WEST MEAD TOWNSHIP —
It appears unlikely that the township will levy a cable franchise fee in the immediate future, a move that would have increased township residents’ Armstrong cable bills.
Supervisor Chairman Bill Rosenberger and Supervisor John Shartle, who had called for residents’ input as they considered the fee, said they had received not one comment in favor and many comments in opposition. During the Board of Supervisors monthly meeting on Tuesday, Rosenberger, who has served several terms on the board, said he could not recall as much resident input on an issue in the years he has served.
“There has been a lot of resistance,” Rosenberger said of the fee, which could have generated as much as $72,000 a year.
“I haven’t had anything positive brought back to me” about the fee, Shartle said.
The third supervisor, Michael Jordan, had previously stated his opposition to the fee. He expressed concern that residents are already facing increased utility fees and gasoline fees in the coming year and he pointed out that the township had been able to balance its budget without cutting services or seeking new revenue for 2014.
While it appears there will be no fee in the immediate future, the supervisors will continue exploring a cable franchise agreement without the fee.
Under federal regulations, municipalities can establish franchise agreements with companies that are not considered utilities that use municipality-owned rights of way to run cables offering services such as television, Internet and telephone to homes and businesses. The agreements lay out who is responsible for what should work in the right-of-way by the cable company cause damage or need repair. Under these agreements, municipalities typically also receive some free service in exchange for granting the right to use rights of way and they can levy a fee of up to five percent on subscribers’ services.
While the issue of a fee appears settled for now, all three supervisors have signaled an interest in having an agreement in place to formalize responsibilities if there is damage to the right-of-way. They are also interested in getting free Armstrong service. It is estimated that the free service may save the township and its two volunteer fire departments as much as $300 a month each, and there has been talk of possibly extending that free service to the Meadville Area Recreation Complex.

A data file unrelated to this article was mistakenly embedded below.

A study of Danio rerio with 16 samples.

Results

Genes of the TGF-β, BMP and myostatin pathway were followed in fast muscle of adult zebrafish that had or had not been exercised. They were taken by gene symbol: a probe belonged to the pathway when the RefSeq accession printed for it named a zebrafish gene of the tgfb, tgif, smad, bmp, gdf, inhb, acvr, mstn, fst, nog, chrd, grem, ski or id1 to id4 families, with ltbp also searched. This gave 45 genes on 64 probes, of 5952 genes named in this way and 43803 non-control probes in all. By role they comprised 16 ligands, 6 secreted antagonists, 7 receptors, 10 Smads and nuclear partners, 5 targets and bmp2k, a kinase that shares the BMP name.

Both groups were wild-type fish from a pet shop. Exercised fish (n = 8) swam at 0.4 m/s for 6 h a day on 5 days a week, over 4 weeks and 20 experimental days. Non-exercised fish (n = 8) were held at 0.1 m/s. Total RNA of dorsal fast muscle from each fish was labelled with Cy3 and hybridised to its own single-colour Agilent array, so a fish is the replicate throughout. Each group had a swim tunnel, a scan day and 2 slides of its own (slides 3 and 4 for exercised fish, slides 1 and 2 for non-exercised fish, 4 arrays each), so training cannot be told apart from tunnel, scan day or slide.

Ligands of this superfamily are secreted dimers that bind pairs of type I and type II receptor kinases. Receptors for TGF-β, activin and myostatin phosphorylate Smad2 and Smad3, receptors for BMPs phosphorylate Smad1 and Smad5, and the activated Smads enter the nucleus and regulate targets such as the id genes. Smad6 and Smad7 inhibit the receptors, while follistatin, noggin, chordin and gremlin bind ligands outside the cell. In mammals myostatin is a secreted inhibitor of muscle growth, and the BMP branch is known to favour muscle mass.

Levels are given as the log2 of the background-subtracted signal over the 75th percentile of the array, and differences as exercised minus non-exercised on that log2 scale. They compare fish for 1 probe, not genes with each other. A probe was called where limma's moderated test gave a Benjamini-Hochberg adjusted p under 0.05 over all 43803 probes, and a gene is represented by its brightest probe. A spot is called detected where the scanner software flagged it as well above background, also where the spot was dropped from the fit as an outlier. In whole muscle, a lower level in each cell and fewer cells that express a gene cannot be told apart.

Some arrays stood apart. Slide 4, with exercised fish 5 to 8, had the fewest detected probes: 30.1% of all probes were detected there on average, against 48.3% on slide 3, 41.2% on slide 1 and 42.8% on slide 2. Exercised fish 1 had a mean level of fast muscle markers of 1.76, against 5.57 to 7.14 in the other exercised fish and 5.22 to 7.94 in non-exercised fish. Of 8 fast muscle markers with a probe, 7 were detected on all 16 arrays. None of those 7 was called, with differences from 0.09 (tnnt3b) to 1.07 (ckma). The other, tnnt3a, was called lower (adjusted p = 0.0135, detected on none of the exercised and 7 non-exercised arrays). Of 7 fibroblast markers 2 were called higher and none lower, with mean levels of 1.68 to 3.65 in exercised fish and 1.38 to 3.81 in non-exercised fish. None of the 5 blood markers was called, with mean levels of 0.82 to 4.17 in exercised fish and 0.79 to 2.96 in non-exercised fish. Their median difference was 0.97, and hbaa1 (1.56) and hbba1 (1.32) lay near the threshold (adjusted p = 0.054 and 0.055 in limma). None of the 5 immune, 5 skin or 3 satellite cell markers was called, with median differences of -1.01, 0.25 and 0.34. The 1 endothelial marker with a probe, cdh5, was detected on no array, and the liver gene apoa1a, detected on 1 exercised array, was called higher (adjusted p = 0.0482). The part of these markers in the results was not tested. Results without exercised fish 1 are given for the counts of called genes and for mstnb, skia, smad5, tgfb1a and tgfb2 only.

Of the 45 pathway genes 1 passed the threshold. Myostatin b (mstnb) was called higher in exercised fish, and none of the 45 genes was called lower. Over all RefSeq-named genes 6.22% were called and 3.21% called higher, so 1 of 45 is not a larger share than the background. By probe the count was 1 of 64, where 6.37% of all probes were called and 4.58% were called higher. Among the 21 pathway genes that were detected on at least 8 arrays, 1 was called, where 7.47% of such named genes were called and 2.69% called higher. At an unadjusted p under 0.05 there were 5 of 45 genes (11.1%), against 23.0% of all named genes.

While it appears those items would likely be included in a cable franchise agreement, both Rosenberger and Shartle are concerned about the length of any agreement that would not include a fee. Township attorney Alan Shaddinger said that most cable franchise agreements he has seen run for 15 years. Both Rosenberger and Shartle hesitate to close the door for that long on a source of revenue that future supervisors may wish to tap.
Shaddinger has been directed to continue investigating the possibilities and the supervisors have agreed to revisit the issue at a later time yet to be determined.
The supervisors recently began exploring the establishment of a franchise agreement when — after an inquiry from a resident concerned about the quality of his cable television service — they discovered that they did not have a franchise agreement with Armstrong, the sole cable utility operating in West Mead. Having a franchise agreement is not required, but many municipalities have them to take advantage of the benefits.
At a supervisors’ meeting in November, Armstrong general manager Scott Brush explained to the supervisors that the company would not bear the expense of any fee levied under a cable franchise agreement. He said the fee would increase residents’ bills and that it would be broken out on those bills and labeled clearly as a fee set by the township. He urged the supervisors to not impose a fee, claiming it would leave Armstrong at a competitive disadvantage.
Pat Bywater can be reached at 724-6370 or by email at firstname.lastname@example.org.